The options being discussed include the lengthening the regular season from 16 games to 17 or 18 or the expansion of the playoff field from 12 teams to 14. While some owners have not given up on getting players to agree to an 18-game season, the union’s ongoing resistance is increasingly likely to turn the focus to adding playoff games, according to those with knowledge of the situation, who spoke on the condition of anonymity because of the confidentiality of the negotiations.
It is unclear, however, whether owners might push for a 17-game regular season if the NFLPA remains adamantly opposed to 18 and whether players would be receptive.
As for the preseason, it is becoming more certain that it will be cut to two or three games. One person close to the situation said it is “safe to say that the preseason will be shortened at some point.”
Owners have the right, in their view, to shorten the preseason and expand the playoffs without the union’s consent. But it appears, at least at this point, that consideration of those changes is taking place within the context of bargaining between the owners and the NFLPA.
NFL teams play four preseason games each, with the two participants in the annual Hall of Fame Game playing five. All teams are scheduled to play their final games of this preseason Thursday night.
The league has acknowledged the lack of quality of preseason games for close to a decade. In the negotiations that preceded the 10-year labor agreement struck in 2011, owners proposed shortening the preseason to two games and lengthening the regular season to 18 games but abandoned the idea after the NFLPA rejected the proposal on player-safety grounds.
NFL Commissioner Roger Goodell has continued to concede in recent months that preseason games are not up to the league’s standards.
“What we should be doing is always to the highest quality, and I’m not sure preseason games meet that level right now,” Goodell said at a June charity event in Buffalo, according to the Associated Press. “I’m not sure, talking with coaches, that four preseason games is necessary any more to get ready for a season to evaluate players, develop players. There are other ways of doing that, and we’ve had a lot of discussions about that.”
Teams have become increasingly willing to leave standout players, particularly star quarterbacks, on the sideline for all or nearly all of the preseason, minimizing or eliminating injury risks. Many games this preseason have been played in nearly empty stadiums.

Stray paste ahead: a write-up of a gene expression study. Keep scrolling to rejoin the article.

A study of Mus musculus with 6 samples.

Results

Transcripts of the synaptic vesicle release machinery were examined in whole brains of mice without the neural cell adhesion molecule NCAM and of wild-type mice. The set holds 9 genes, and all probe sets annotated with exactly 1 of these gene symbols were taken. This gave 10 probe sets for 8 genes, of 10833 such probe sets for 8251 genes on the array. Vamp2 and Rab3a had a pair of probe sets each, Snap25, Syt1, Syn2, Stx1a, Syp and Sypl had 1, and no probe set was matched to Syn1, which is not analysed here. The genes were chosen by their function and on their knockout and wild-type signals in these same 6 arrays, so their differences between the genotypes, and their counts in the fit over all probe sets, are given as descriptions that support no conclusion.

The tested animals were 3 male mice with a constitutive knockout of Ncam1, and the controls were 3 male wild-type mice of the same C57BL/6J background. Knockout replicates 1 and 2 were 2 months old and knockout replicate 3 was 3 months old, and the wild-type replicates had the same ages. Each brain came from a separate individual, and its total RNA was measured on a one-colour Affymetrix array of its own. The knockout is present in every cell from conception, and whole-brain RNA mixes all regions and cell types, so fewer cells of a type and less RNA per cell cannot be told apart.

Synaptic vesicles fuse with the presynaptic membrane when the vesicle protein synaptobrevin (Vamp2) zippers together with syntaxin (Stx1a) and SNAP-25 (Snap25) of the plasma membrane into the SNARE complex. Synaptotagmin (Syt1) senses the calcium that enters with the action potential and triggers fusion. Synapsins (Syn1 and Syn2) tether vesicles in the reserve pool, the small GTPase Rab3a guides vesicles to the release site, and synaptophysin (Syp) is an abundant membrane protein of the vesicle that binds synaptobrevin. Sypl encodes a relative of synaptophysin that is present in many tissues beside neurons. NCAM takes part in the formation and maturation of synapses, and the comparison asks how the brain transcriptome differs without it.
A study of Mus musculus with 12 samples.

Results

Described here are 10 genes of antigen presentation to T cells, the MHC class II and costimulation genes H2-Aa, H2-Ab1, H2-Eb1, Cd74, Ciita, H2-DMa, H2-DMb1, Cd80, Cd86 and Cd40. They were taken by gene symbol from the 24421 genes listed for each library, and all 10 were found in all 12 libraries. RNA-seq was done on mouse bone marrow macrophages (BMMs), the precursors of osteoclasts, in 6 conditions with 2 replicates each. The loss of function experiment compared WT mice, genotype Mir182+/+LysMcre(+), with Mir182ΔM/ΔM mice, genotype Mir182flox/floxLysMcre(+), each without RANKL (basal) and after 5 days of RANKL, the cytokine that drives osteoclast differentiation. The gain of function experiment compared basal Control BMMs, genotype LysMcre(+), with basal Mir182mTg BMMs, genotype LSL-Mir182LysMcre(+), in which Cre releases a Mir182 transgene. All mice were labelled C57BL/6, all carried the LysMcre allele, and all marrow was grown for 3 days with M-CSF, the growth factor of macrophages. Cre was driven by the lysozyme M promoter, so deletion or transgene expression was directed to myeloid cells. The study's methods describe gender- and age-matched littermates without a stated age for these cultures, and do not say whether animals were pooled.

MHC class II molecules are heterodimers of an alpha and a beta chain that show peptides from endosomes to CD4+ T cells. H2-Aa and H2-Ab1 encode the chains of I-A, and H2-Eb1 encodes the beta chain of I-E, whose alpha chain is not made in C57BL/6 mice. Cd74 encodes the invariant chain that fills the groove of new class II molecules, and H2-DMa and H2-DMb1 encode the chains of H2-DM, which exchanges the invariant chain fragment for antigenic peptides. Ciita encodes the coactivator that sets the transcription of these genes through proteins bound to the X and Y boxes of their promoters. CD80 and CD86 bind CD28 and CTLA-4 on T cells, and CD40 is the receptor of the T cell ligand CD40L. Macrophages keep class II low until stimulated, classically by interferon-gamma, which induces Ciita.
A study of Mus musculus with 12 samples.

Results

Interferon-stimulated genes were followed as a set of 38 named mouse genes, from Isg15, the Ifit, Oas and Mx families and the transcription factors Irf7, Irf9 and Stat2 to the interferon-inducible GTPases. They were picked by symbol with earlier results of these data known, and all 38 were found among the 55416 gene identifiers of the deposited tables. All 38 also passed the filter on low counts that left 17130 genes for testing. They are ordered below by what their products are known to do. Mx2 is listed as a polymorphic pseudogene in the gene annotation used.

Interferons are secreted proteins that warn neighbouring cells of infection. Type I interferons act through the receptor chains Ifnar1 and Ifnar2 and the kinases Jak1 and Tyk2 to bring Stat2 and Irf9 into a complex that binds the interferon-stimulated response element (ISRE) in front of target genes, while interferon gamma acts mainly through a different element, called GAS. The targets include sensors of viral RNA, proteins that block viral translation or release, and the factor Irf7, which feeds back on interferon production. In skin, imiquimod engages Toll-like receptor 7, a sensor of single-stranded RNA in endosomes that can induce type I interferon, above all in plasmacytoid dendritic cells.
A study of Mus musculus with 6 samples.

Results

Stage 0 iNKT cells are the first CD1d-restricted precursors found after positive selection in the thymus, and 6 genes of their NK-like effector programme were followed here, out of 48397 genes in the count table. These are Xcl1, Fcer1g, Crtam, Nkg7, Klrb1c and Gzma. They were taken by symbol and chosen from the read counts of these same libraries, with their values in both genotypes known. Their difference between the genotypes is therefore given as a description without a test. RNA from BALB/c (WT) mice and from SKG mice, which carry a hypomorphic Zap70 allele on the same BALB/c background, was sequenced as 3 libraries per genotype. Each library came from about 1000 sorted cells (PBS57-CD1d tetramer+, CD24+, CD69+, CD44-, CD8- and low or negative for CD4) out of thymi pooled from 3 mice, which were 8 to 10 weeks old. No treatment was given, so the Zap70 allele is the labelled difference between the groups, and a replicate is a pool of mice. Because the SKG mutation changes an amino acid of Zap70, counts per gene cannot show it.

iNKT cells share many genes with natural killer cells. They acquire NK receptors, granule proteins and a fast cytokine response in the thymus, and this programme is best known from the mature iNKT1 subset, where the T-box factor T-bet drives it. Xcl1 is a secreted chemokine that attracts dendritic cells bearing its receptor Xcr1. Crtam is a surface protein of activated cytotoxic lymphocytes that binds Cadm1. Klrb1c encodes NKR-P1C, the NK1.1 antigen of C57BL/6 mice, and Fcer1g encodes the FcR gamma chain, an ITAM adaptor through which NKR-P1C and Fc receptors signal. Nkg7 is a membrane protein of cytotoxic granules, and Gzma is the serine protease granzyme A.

Owners would lose revenue by cutting preseason games — teams charge season ticket holders for them, sometimes at a reduced rate — and would be unlikely to agree to a reduction of the preseason without an accompanying revenue-enhancing measure.
That measure, to many owners, should be an 18-game season, which has resurfaced during these CBA negotiations. A person on the players’ side said it’s “not a secret that NFL owners want more games.”
Some owners point out that increased revenue means more income for players, who receive a share of it under the salary cap system. Owners seem willing to increase roster sizes to get players to agree to a longer regular season. A proposal to limit each player to 16 games in an 18-game season does not appear to have widespread support on either side. But some owners also seem prepared to make concessions to players in other areas, such as the league’s marijuana policy and Goodell’s authority in player discipline.
Still, players and NFLPA leaders have expressed strong public opposition to an 18-game season. The retirements of standout players such as New England Patriots tight end Rob Gronkowski and Indianapolis Colts quarterback Andrew Luck before their 30th birthdays could reinforce the notion that the sport already takes an often-unmanageable toll on players’ bodies.
But an expanded set of playoffs almost certainly would be more palatable to players, given that players would be asked to play only two additional games.
Under the proposal, seven teams in each conference would qualify for the postseason instead of the current six. One team in each conference, rather than the current two, would receive an opening-round playoff bye. That would make for six first-round playoff games (three in each conference) instead of the current four, one of which might be played on a Monday night. The two additional playoff games probably would be enticing to networks in the NFL’s next set of negotiations for TV rights deals.
It’s not known whether expanding the playoffs would preclude the owners from seeking a 17th regular season game. That probably would involve each team playing one game per season at a neutral site, perhaps in another country.
The current CBA runs through the 2020 season. The league and the union have gotten an early start on bargaining for a new deal, trying to avoid a damaging work stoppage such as the owners’ lockout of the players that preceded the 2011 agreement.